What is an Irrevocable Proxy?
An irrevocable proxy is an enforceable power granted by the owner to another party to exercise his voting rights independently without requiring his consent each time. Typically, most proxies are usually revocable, but some agreements may include specific clauses that require the proxy to be irrevocable for a specified period. The owner of the shares cannot revoke the irrevocable proxy until the expiry of an agreed duration of time.
The reason for making a proxy irrevocable is to absolve the agent in the agent-principal relationship of his/her actions when acting in the capacity of the principal. Any decisions that the agent makes are assumed to be in the best interests of the principal. Therefore, he/she is not held liable for their actions before the expiry of the proxy. However, when the agent has a personal interest in the business, they are unlikely to be absolved by the law for consequences resulting from their actions.
Criteria for an Irrevocable Proxy
Several situations make a proxy irrevocable for a specified period, including:
- The proxy holder is an existing shareholder of the company or has agreed to purchase shares of the company in the future.
- The proxy holder is one of the pledgees of the company’s shares.
- The proxy holder has an existing employment contract with the company (under specific circumstances).
- The proxy holder is one of the parties in a voting agreement.
- The proxy holder has advanced some form of credit to the company.
How Irrevocable Proxies Work
Irrevocable proxies are based on the same ideology as revocable proxies. Both types of proxies are based on an agent-principal agreement where the principal gives the agent the power to act on their behalf during voting and decision-making processes. By appointing an agent, the principal faces the risk of the agent’s unpredictable (and possiby unwanted) dealings with third parties as long as the agent retains the proxy authority.
The agent represents the principal, and his/her actions are taken as the principal’s actions. However, in most proxy agreements, the principal retains some form of control, depending on how the agent performs, and has the right to revoke the agent’s powers.
When the agent representing the principal has a stake in the organization, this means that his/her actions may have a significant impact on the company’s decisions. In most cases, proxies that have a proprietary interest in the organization where they also act as agents of the principal are irrevocable. This means that the principal may not terminate the relationship before the expiry of the agreed period. Also, the proxy will be irrevocable if the principal explicitly provided for the irrevocability at the onset of the agreement.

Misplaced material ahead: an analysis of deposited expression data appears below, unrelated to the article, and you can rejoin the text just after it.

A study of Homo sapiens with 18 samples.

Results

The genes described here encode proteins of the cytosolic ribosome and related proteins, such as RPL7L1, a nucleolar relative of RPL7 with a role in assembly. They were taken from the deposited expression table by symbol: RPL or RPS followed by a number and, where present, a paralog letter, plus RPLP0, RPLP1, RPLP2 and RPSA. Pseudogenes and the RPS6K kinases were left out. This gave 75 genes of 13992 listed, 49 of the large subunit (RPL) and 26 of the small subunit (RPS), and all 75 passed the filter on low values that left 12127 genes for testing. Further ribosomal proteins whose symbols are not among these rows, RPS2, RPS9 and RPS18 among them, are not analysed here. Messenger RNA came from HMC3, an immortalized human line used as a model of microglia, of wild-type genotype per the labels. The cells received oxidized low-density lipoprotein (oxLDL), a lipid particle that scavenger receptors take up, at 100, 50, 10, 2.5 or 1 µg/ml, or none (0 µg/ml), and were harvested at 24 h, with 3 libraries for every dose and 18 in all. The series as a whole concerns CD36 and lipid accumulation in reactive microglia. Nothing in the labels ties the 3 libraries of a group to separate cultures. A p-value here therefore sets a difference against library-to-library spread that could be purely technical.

Legal Treatment of Irrevocable Proxy
There are different views on the legality of irrevocable proxies. Initially, irrevocable proxies faced a lot of hostilities from the courts, since they perceived proxies as a way of suspending the ordinary rights of the actual owners and their voting rights. In the court’s opinion, such authorizations need to be voided since they are against public policy.
One of the instances when the court deems irrevocable proxies unenforceable is when the proxy has a proprietary interest in the organization. For example, the proxy holder may have lent money to the company or be an existing employee. However, according to a Delaware statute, a proxy may be made irrevocable regardless of whether the proxy has a personal interest in the company or its stock.
In some jurisdictions, irrevocable proxies are recognized under various circumstances. For example, In New York, courts have upheld irrevocable proxies that were accompanied by a pledge. They are also recognized when the irrevocable proxy is granted in return for credit, or if the purpose is to retain control of the company or maintain a corporate policy.
Example of Irrevocable Proxy
Irrevocable proxy is illustrated in the case of Haft vs Haft. The CEO of the company and a controlling shareholder of the company induced his son to become the company’s President and COO. The father transferred a controlling block of stock to the son, in exchange for the grant of a lifetime irrevocable proxy to vote the stock.
Later, there was a dispute on the composition of the board of directors and the validity of an option to buy back the shares held by the son. In reaction, the son revoked the father’s proxy. When the case was presented before a Delaware court, the court ruled that the proxy was enforceable, and the father’s interest in the stability of his position as the CEO appeared as an interest to support irrevocability under the Delaware statute.